Decades after the notion of building a park over the 101 freeway was first floated, groundbreaking for a Hollywood Central Park may now be no more than two years away, according to its backers.
It is one of several pending proposals for constructing concrete caps over stretches of freeways that run through trenches, and using the land above for parks and other development.
The obstacles are daunting, and only the Hollywood proposal has advanced to the stage of preparing an Environmental Impact Report. The EIR is expected to be published for public comment by the end of spring or early summer, said attorney Alfred Fraijo Jr., president of the Friends of Hollywood Central Park.
The cap would cover the freeway for the mile between Santa Monica Boulevard and Bronson Avenue. Envisioned amenities include athletic fields, a community center, eateries, retail, a parking structure and possibly even a small bed-and-breakfast inn, according to the the initial study by the Los Angeles Department of Recreation and Parks.
"Why wouldn't anyone want this?" asked booster Philip Mershon, a long time Hollywood resident.
As a devotee of Tinseltown history and founder of Felix in Hollywood tours, Mershon is usually loathe to see historic sites disappear from view.
"I would rather see a beautiful park here," he said over the din of passing autos.
The cost is projected in the area of $1 billion, Fraijo said, and is expected to require a variety of public and private funding sources. He sees the inclusion of Hollywood in one of the Obama administration's "Promise Zones" as an encouraging sign for obtaining federal assistance.
Capping freeways is not a new idea.
The Memorial Park in La Canada Flintridge was planted over the then-new 210 Freeway four decades ago. Nationwide, backers count more than a hundred freeway caps, but only a handful in California.
In the past decade, the concept has come into favor with urban planners, and freeway caps have been proposed in five Southland cities, including Glendale, Ventura, Santa Monica and San Diego, as well as Los Angeles.
Apart from Hollywood, there is another Los Angeles proposal for "Park 101" above the so-called "downtown slot" that separates the Civic Center from the historic El Pueblo district, where the city of Angeles was founded.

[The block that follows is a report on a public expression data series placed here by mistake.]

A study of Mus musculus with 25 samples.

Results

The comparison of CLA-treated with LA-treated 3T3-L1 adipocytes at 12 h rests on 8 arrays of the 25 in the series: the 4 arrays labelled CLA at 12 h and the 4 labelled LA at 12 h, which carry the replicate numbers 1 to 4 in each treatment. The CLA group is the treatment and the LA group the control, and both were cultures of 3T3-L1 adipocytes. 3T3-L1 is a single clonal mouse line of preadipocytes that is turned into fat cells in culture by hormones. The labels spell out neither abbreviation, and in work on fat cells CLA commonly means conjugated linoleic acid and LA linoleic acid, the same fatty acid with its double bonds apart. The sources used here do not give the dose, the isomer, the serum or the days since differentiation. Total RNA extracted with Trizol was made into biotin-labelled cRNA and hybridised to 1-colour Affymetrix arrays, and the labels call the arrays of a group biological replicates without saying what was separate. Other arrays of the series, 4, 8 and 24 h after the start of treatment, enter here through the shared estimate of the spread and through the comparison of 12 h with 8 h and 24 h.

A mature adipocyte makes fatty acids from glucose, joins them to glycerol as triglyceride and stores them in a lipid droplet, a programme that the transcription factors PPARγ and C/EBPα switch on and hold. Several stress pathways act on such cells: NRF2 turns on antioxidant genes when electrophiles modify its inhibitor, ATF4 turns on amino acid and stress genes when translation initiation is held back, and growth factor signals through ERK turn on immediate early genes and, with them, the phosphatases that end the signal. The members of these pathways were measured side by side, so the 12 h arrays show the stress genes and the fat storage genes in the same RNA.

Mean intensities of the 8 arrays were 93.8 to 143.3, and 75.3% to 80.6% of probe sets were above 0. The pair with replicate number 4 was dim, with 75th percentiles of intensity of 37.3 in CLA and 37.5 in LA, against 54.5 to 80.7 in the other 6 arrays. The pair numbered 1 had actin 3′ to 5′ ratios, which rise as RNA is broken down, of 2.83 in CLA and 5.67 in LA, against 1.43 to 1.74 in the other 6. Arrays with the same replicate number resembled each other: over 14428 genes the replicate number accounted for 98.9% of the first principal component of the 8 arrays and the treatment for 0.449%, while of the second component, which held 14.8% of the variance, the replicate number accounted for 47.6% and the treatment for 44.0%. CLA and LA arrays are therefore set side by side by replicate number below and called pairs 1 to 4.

"I really see light at the end of the tunnel," said Don Scott, president of Friends of Park 101 District.
The regional local government planning association known as SCAG (Southern California Association of Governments) has encouraged freeway cap proposals with grants for studies, and also by working with the California Dept. of Transportation (CalTrans) to develop standards, according to Carl Morehouse, SCAG President.
"It's a chance to mend cities that were torn apart," Morehouse said.
In his city, Ventura, where he serves on the city council, Morehouse and other council members envision a cap that over the 101 freeway to reconnect downtown with the waterfront. The cap is also proposed as the location for a multi-modal transportation hub, including a new train station.
Any freeway cap on an interstate would have to be approved by both the federal highway administration and CalTrans.
"I like the concept," said Carrie Bowen, director of CalTrans District 7, based in Los Angeles.
However, she also sees specific issues which need to be resolved first, including safety standards for both those atop the cap, and the motorists below on freeway stretches that will in effect become tunnels. Bowen cited a fiery 2007 pileup inside a Newhall Pass tunnel that houses the connector between Interstate 5 and the 14 freeway. Three persons were killed.
Another issue is future freeway expansion. Locking down a freeway's dimensions with a cap would make it more difficult, if not financially infeasible, to add lanes.
"Those are discussions that have to be had," Bowen said.
Proponents of freeway cap parks should not count on state funding, Bowen said, citing budget constraints and the need to fund deferred maintenance for existing structures.
Rights to build in the airspace above freeways constitute significant assets that CalTrans leases to generate revenue, but does not sell.
The cap proposals also represent a response to the increasing cost of obtaining land for new municipal parks. "Space 134" over the 134 freeway through Glendale would provide the city needed park resources for its downtown south of the freeway, and the densely populated residential neighborhoods north of it, said Alan Loomis, Glendale's principal urban designer.
"We're kind of reaching the point where it may be as cost-effective to build over a freeway as to acquire a developed property to tear down," Loomis said.
The first phase of Space 134 could be built within a decade for under a hundred million dollars, Loomis figures, "if you can get the funding -- which is literally the billion-dollar question."